Tax Day may have come and gone, but it’s likely that some of the key numbers from your 2017 return are still in your mind—especially if you had to pay more tax than you were expecting to. While you are still in a “taxation” state of mind, it’s a good idea to consider how you might lower your freelance tax bill for the current tax year.
For instance, you’ll want to pay attention to one of the most anticipated provisions of the Tax Cuts and Jobs Act (TCJA) passed late last year: the 20 percent pass-through deduction for businesses. Like many tax rules this deduction is more complex than it sounds at first, so let’s start with the basics and then we’ll delve a little deeper for those of you who want to take a closer look at the potential savings.
Here are the basic rules of the new pass-through deduction which applies to sole proprietorships, S-corporations partnerships and LLCs (that did not elect to be taxed as a corporation):
Let’s look at each of these rules as it applies to a freelance business:
So how do freelancers calculate the TCJA’s 20 percent pass-through deduction?
You should first determine if your business is an SSTB as mentioned above. The first two examples below assume that your business is not an SSTB. In both of these cases, you would calculate the Qualified Business Income (QBI) from your business. This is simply the net income of your business excluding any salary, wages or payments made to you, the owner. If you have a sole proprietorship, this would be your Schedule C income.
You will need to determine the ratio of the income you may have over the threshold limitation of $157,500 for single taxpayers and $315,000 for Married Filing Jointly taxpayers.
Keep in mind also that if your taxable income reaches $207,500 (single filer) or $415,000 (married joint filer), the QBI deduction is limited to 50 percent of your W-2 wages from that business or the sum of 25 percent of W-2 wages from the business, plus 2.5 percent of any qualified property. Then, using the income threshold stated above and the phase out amount of $207,500/$415,000 to calculate the limitation on a prorated basis.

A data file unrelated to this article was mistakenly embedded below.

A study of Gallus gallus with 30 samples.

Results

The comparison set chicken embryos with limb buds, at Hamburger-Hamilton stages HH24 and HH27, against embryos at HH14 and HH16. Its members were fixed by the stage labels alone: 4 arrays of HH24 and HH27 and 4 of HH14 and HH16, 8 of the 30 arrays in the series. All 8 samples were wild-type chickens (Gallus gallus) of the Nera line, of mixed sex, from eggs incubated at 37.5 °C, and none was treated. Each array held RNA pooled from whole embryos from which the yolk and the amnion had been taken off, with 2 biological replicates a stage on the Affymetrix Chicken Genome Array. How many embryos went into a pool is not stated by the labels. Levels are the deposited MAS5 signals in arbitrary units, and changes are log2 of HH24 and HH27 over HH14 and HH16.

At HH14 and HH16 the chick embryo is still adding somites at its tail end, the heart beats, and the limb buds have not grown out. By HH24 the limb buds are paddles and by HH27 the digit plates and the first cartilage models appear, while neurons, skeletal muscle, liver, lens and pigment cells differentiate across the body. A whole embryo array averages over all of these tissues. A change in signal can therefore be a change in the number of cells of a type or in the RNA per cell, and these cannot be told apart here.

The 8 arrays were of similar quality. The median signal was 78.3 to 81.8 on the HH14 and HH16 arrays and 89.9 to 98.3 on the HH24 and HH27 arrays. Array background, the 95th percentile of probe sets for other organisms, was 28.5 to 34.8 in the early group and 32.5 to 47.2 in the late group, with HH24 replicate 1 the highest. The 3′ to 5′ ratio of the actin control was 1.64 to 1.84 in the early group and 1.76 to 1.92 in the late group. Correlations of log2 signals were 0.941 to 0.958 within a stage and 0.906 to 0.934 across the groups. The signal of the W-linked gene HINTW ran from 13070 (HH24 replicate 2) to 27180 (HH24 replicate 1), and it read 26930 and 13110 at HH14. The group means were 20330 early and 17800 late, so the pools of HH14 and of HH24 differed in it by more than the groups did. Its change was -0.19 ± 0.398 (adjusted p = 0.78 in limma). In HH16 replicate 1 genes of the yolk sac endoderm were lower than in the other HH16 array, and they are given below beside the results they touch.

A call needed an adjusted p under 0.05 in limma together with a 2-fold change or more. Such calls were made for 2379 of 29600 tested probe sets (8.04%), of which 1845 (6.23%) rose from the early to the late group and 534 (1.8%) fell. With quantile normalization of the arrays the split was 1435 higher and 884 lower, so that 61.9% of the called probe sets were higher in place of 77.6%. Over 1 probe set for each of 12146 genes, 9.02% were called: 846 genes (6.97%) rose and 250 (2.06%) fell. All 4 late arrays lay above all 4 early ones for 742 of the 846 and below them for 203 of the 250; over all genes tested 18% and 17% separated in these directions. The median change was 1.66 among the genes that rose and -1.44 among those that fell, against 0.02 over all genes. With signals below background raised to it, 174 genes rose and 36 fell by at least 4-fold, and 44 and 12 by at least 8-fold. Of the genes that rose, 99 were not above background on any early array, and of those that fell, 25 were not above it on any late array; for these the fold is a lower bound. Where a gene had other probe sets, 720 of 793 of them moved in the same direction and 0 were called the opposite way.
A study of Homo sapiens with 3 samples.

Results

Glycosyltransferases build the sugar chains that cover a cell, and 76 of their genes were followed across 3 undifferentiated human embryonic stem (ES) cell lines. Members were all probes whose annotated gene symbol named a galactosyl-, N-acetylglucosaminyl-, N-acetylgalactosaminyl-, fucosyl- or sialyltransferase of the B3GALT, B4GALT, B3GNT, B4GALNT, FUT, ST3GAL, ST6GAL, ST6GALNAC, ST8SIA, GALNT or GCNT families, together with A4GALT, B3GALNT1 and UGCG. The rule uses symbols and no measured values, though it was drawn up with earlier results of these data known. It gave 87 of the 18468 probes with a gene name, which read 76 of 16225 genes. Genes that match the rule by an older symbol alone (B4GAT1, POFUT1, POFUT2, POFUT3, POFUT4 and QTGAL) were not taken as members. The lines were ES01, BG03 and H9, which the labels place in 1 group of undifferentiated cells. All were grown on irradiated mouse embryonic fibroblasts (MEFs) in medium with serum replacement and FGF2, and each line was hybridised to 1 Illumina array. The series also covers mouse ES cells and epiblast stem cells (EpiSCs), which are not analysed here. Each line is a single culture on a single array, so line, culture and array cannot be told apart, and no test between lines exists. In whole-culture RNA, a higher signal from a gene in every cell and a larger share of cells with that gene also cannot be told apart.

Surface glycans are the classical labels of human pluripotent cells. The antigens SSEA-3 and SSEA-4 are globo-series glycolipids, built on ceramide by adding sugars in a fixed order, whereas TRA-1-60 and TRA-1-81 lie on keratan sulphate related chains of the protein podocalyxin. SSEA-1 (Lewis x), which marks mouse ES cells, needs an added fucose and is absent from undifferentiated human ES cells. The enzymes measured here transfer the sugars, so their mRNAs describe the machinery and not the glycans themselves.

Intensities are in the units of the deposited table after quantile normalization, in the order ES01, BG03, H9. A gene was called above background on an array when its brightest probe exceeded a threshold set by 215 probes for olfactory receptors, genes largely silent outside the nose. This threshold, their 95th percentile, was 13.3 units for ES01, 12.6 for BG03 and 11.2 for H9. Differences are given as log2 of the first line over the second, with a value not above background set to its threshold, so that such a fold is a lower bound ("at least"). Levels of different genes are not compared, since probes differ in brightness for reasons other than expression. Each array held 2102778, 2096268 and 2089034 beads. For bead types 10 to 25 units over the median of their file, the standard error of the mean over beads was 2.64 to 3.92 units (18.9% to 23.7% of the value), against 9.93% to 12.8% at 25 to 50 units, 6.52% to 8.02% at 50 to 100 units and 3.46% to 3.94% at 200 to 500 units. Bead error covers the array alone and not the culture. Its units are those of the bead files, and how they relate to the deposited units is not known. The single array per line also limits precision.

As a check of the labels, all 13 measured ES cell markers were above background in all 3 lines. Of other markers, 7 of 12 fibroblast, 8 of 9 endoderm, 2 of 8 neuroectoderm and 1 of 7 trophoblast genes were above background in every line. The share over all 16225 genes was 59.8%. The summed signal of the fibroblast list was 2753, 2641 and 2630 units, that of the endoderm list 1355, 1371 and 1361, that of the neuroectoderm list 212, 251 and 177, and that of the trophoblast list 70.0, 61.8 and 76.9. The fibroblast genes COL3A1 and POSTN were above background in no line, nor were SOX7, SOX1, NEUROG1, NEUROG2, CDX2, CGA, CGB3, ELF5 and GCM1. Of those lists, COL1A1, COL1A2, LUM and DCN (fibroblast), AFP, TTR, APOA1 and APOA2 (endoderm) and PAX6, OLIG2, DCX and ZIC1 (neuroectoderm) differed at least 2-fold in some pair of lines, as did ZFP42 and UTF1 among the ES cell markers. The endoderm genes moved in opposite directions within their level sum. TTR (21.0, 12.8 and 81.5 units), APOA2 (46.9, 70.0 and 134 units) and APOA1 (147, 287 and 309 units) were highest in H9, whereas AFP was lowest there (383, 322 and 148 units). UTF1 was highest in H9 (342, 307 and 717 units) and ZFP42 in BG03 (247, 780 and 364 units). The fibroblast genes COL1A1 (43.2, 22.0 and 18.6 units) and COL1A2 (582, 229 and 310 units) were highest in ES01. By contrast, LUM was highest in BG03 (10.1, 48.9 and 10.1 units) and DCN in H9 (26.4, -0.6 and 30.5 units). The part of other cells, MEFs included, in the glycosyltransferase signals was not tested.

Here is an example of how to do it assuming:
Given this hypothetical situation, your maximum pass-through deduction is 20 percent of your $300,000 QBI, which equals $60,000. With your taxable income being over $415,000, any pass-through deduction you claim is limited to the greater of (i) 50 percent of the W-2 wages paid to your employees, or (ii) 25 percent of W-2 wages plus 2.5% of your office building’s $250,000 basis. (i) is $100,000 (50% x $100,000) = $50,000; (ii) is (2.5% x $250,000) + (25% x $100,000) = $31,250. Since (i) is greater than (ii) you would have to take the greater amount of $50,000 as the pass-through deduction.
A Non-Specified Service Trade or Business would calculate the deduction this way:
For our example, assume:
To calculate, multiply your deduction prior to the phase-out—in this case it is limited to 50 percent of the W-2 wages you paid since there is no qualified property. This is equal to $30,000 (50% x $60,000 W-2 wages = $30,000). With your phase-out percentage being 31 percent you get 69 percent of the full deduction which is equal to (69% x $30,000 = $20,700).
This new pass-through deduction may offer significant tax savings for your freelance business, but it is also somewhat complicated. Could it save you 20 percent? Maybe—it depends on how the specific rules of this deduction apply to your situation. This is where enlisting a tax professional to do some tax planning and calculations may be helpful. Whether you choose to work with a tax pro or to go it alone, it’s worth considering whether this new tax deduction can reduce your freelance tax bill.
Jonathan Medows is a certified public accountant licensed in New York, New Jersey, Maryland, and Pennsylvania. He is also a recognized expert in taxation for freelancers and the self-employed—often tapped for his expert knowledge and perspective on self-employment taxation by national and regional publications such as The New York Post, BusinessWeek, Forbes taxation blog, WebCPA, CPA Practice Advisor, and others. You can read some of Jonathan’s press coverage here.